When you're a kid, you're not necessarily looking for art in the music you choose. You want something you can enjoy listening to, that you can share with your friends without being ridiculed. Change Your World is something for the kid in all of us, because, more than any album he's made before, Michael W. Smith has delivered a supremely fun album, with layered melodies and harmonies of the highest caliber. Co-produced by Smith with Mark Heimermann (the co-producer of Lisa Bevill's oh-so sweet debut My Freedom), it would be easy to describe Change Your World as The Big Picture with big background vocals; easy, but unfair.
While both albums possess a fiery pop rush (andThe Big Picture still sounds good, six years later), Picture was a bit of a dark album (for Smith), more like he worked too hard on it; and Smitty's ongoing theme of "self esteem" sounded more like the urgings of a high school coach "don't just run, run faster."
Change Your World is still about spiritual and emotional healing through godly self-esteem, and about finding friends that affirm you in your value system but this time it all feels so much more natural. In "Picture Perfect," Smith sings what could have been your basic, wholesome high school love song, but writers Smith and long-time co-writer Wayne Kirkpatrick head for the charming chorus, "You don't have to be picture perfect/To be in my world/You don't have to be picture perfect/To fit the frame."
Smith and Kirkpatrick then come from the other side with "Somebody Love Me," as Smith sings from the perspective of someone who feels unloved: "Its like wanting to sing/But needing a song/When will I hear the music playing." To the songwriters credit, they don't attempt to answer the problem with a cheap phrase or with God loves you, that's enough. Loneliness is real, and Smiths sympathy is refreshing.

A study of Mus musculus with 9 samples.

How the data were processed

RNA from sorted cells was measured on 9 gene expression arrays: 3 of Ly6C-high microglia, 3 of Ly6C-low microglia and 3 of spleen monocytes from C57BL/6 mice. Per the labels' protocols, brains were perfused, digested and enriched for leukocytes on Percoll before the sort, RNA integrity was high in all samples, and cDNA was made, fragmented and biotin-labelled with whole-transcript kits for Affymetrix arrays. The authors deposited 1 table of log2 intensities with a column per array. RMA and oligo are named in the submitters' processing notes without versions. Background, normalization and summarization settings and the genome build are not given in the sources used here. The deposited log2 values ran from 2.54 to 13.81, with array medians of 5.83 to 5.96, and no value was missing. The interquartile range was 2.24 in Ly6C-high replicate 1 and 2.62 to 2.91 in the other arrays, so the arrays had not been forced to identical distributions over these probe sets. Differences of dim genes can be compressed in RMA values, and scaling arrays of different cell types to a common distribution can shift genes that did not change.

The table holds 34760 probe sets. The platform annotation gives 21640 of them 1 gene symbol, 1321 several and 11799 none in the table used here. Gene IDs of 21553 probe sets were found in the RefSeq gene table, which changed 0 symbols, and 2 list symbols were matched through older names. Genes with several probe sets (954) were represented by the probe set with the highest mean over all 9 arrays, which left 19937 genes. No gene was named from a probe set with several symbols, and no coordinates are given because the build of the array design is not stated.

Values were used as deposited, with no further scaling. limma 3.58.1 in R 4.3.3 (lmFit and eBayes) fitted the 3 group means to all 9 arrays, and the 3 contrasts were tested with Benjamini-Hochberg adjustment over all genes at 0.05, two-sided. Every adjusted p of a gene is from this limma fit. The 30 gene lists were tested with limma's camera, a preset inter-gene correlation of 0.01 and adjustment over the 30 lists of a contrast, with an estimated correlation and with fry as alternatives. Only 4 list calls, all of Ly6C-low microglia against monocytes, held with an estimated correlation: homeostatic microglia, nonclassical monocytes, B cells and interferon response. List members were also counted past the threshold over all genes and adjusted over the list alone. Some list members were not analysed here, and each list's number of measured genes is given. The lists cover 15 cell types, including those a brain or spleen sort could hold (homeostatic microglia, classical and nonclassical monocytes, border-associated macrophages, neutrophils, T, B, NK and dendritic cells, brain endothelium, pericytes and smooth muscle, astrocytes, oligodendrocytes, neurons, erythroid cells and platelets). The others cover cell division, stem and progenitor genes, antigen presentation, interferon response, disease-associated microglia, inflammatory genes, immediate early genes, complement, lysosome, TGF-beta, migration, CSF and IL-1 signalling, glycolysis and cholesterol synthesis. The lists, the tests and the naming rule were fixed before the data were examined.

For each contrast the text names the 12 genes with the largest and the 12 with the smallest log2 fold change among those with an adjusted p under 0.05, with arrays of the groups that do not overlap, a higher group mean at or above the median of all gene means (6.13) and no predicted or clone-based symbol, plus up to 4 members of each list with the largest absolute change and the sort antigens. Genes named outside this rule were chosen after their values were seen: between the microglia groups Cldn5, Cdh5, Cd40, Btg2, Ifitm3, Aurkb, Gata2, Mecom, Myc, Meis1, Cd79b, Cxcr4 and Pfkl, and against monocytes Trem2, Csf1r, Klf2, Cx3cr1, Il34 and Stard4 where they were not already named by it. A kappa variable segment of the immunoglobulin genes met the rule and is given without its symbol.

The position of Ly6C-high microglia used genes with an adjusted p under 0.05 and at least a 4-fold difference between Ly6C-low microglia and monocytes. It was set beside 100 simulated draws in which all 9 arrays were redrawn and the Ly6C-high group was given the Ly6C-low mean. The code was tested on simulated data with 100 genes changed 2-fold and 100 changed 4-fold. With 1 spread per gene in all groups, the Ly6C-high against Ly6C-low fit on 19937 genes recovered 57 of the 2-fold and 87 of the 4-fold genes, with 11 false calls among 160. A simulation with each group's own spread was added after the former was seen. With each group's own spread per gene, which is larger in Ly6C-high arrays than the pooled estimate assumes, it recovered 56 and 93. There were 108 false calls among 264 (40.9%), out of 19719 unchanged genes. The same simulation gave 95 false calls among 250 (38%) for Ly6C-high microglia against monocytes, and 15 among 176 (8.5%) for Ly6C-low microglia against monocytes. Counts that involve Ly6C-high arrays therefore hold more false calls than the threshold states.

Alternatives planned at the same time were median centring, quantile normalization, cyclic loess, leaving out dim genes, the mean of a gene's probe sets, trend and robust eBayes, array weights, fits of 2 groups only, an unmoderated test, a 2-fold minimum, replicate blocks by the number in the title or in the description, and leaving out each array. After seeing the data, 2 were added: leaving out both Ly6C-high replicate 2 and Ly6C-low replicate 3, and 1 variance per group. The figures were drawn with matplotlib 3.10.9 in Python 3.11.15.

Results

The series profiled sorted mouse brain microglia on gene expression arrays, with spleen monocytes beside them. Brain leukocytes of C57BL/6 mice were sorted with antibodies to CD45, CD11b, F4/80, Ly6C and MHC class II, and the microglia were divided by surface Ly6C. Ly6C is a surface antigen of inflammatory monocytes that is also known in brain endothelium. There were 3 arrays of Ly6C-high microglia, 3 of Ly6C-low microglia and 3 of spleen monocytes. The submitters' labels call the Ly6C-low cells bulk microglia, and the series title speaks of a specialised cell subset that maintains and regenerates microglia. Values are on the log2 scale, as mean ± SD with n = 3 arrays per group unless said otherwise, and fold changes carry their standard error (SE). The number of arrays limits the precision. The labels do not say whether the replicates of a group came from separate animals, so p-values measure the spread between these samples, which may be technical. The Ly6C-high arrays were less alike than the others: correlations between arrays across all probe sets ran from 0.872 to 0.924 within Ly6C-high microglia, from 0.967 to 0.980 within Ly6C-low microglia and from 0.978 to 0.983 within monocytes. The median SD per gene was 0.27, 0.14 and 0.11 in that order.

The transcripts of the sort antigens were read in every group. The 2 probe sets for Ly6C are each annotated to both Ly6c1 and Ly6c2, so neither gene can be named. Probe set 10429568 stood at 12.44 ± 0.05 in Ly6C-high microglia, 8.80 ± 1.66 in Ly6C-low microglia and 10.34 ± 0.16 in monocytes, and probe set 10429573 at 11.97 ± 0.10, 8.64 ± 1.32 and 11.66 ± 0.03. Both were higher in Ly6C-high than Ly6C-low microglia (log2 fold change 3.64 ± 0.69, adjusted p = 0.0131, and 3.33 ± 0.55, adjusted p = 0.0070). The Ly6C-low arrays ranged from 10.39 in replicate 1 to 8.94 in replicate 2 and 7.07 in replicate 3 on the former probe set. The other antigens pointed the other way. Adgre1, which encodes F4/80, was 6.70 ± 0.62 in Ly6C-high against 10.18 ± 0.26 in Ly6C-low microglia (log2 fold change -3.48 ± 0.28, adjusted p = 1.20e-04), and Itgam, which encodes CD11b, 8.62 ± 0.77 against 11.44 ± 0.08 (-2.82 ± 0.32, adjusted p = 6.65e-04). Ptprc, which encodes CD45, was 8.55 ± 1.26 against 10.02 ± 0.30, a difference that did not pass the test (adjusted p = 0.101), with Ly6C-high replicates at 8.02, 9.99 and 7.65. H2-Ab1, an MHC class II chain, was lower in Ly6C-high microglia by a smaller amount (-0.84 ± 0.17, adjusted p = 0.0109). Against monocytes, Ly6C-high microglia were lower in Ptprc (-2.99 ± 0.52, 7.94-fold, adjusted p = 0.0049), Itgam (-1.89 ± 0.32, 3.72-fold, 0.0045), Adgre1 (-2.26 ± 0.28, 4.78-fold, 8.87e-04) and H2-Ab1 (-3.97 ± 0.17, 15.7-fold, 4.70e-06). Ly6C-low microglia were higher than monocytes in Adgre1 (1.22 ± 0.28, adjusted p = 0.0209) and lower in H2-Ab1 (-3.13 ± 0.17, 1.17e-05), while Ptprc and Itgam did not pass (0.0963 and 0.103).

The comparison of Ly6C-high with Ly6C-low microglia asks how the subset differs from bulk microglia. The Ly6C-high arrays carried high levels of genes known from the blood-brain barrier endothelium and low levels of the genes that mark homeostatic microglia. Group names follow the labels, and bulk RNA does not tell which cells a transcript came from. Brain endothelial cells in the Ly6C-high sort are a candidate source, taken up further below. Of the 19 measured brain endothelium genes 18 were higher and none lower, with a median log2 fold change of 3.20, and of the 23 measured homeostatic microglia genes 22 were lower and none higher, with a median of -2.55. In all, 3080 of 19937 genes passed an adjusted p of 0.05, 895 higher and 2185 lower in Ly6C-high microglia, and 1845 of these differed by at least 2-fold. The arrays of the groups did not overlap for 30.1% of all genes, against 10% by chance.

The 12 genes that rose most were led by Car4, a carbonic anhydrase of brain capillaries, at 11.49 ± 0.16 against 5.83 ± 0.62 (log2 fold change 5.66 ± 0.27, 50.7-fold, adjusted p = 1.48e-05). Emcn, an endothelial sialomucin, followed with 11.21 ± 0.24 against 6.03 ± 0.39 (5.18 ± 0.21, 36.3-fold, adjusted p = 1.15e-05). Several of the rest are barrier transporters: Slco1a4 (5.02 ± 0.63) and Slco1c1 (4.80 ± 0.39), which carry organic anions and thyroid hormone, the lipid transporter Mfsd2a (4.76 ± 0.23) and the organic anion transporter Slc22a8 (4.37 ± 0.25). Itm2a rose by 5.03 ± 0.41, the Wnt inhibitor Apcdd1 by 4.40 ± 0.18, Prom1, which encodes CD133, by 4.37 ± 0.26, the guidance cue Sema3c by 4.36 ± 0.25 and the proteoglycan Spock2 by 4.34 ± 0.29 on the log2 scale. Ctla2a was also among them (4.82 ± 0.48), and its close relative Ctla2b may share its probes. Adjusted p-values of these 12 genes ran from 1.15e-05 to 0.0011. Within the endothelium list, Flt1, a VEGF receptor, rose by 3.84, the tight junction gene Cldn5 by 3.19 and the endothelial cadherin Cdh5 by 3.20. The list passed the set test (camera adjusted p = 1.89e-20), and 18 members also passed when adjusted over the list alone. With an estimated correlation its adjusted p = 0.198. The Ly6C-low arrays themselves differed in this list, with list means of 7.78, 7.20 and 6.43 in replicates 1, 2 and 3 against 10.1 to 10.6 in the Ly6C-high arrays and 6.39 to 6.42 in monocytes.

Though Change Your World isn't a banner-waving platform, Smiths faith is still integral to his music: "Give It Away" and "Cross of Gold" are both clear statements of where his foundation lies. The former is an anthem that should do well on Christian radio, with its conclusion, "Love isn't love until you give it away." And "Cross of Gold" could very well be the focal point of the whole album: musically, because its a solid jam; lyrically, because it calls the holy rollers out on the carpet "Is it a flame/Is it a passion or is it a game/Religion in fashion." In the bridge, electronic whispers float over the music, "Is it decoration or proclamation? For some it's just something to wear around your neck it means a lot more than that to me."
There's also a duet with Amy Grant "Somewhere Somehow," which may confuse some. It's a song about distant loves, a kind of romantic equivalent to "Friends." And then there's another love, the spunky "I Wanna Tell the World," which Smith wrote for his wife (with help from writers Heimermann and dc Talks Toby McKeehan).
The big finale, though, is a fresh look at "Friends," which is celebrating 10 years. While the first recording, primitive by comparison, may accent the wistfulness of parting friends, the new recording is a big sounding anthem that will no doubt become a tear-jerker for a whole new arena of fans.
When someone has as much to lose as Smith, its exciting to see him make a project this fun and natural. Some fans may pass on this one Lord bless 'em, they don't just want the seed, they wasn't all the fertilizer too but Change Your World could certainly plant the seed of the Gospel with listeners everywhere.
And, just as importantly, here's an album by a Christian that you can play for any of your friends. Because, when you're a kid, you don't want art, you want something to listen to and it could change your world. -- Chris Well (c) 1992 CCM Communications, Inc.